What Heroes are For
She swirled the tea in her cup, enjoying the warmth from where the cup rested on the palm of her hand. Closing her eyes, she took a sip.
“Tired?” InuYasha said, watching her as she sipped her tea.
“Yeah,” Kagome said, “And my head hurts. The kids were really noisy today. I wish it wouldn’t rain so often when Naoya comes over to visit. “
He put his teacup down, then scooted behind her, his long fingers soothing her forehead and then moving down to her neck. “Oni king getting to you? Maybe we need to teach him some new stories.”
“I’ve tried,” she said, letting her head go limp. “Ah, that feels good.”
“You could tell him how Susano’o killed the serpent,” he suggested. “That was one of my favorite stories when I was little.”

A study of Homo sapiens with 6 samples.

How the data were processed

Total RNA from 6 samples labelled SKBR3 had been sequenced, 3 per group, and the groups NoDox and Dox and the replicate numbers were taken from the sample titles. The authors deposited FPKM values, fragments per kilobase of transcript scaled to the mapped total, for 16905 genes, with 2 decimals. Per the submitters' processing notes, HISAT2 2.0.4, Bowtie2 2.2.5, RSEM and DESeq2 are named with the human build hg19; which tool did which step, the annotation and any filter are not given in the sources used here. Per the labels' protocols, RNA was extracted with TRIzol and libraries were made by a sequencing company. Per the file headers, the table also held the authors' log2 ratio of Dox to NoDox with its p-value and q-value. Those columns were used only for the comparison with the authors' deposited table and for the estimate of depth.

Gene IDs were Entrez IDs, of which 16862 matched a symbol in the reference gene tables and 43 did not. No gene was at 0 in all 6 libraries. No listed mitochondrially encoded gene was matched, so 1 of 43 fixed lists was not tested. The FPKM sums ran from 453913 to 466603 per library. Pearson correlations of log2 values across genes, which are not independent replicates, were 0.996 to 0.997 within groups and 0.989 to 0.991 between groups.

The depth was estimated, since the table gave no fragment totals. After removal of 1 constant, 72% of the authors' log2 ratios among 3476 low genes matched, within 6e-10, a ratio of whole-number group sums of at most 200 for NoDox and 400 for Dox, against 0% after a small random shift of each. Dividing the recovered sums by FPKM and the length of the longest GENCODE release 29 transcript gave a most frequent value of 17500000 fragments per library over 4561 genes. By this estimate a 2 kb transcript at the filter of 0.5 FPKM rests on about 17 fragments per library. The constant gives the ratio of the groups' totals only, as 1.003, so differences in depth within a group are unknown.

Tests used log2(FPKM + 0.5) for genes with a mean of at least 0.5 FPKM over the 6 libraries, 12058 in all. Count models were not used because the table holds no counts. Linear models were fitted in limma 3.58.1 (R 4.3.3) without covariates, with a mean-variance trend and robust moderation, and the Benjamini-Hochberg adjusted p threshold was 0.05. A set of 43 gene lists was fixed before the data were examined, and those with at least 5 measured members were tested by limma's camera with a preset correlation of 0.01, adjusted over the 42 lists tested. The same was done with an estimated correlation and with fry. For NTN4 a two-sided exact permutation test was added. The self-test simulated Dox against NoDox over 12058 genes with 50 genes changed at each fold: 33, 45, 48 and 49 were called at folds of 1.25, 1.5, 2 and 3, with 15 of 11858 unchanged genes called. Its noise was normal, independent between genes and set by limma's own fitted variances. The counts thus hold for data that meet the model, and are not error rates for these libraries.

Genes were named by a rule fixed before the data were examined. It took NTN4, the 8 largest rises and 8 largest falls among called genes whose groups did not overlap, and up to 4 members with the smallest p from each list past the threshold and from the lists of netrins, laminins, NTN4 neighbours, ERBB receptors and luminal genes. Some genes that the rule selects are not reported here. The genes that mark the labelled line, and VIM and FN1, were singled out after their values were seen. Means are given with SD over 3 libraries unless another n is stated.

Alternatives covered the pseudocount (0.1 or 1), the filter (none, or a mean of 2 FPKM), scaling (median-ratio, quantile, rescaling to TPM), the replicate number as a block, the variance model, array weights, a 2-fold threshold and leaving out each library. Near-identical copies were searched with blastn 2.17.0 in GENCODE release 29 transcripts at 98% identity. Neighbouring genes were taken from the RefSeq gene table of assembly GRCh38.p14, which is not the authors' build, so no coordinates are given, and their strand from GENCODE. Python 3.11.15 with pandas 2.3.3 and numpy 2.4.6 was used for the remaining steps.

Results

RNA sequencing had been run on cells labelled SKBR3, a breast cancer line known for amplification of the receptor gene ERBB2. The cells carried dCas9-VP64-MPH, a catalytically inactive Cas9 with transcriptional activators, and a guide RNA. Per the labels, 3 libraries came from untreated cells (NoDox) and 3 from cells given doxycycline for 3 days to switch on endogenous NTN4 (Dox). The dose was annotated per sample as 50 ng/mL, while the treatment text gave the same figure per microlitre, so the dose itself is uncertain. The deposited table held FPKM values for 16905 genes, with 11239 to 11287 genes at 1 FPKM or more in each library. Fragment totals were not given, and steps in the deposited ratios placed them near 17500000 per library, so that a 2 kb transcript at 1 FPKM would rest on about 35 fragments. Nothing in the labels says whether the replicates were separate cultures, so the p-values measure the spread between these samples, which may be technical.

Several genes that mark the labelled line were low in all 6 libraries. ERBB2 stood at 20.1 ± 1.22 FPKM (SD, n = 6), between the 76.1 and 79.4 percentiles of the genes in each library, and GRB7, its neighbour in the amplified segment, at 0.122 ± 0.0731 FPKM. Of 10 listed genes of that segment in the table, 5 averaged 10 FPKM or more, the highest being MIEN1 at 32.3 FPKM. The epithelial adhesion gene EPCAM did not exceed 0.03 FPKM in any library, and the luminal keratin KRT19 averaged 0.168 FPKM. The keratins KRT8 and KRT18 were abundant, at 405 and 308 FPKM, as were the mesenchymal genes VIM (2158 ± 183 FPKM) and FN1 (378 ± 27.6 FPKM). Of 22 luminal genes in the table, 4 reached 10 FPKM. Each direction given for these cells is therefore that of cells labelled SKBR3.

“I’d be tripping over the eight cups he used to get the serpent drunk. I don’t think so,” Kagome said.
His hands slipped further down her back and then around her waist. “I know another way to help you relax,” he said letting his hands drift up past her obi. His lips brushed her shoulders.
“How about you heat up the bathwater? Then maybe we’ll see. If you can keep from waking the boys up.”
“Or if you can keep from falling asleep in the tub,” he asked.
“That’s why I have you, to protect me from dangers like that,” she said. “And to rub my neck.”
“That’s what heroes are for,” he said. And then first kissing her on the top of her head, he got up to fix her bath.
A/N. Susano’o, the brother of Amaterasu, rescued the daughter of an elderly couple who was slated to be eaten by the 8 headed serpent, the Yamata no Orochi. To kill it, he set out 8 tubs of sake. When it was good and drunk, he cut off all their heads. Inside the tail of the dragon was a sword. This sword would later be called the Grasscutter Sword, and is one of the treasures of the Imperial family of Japan.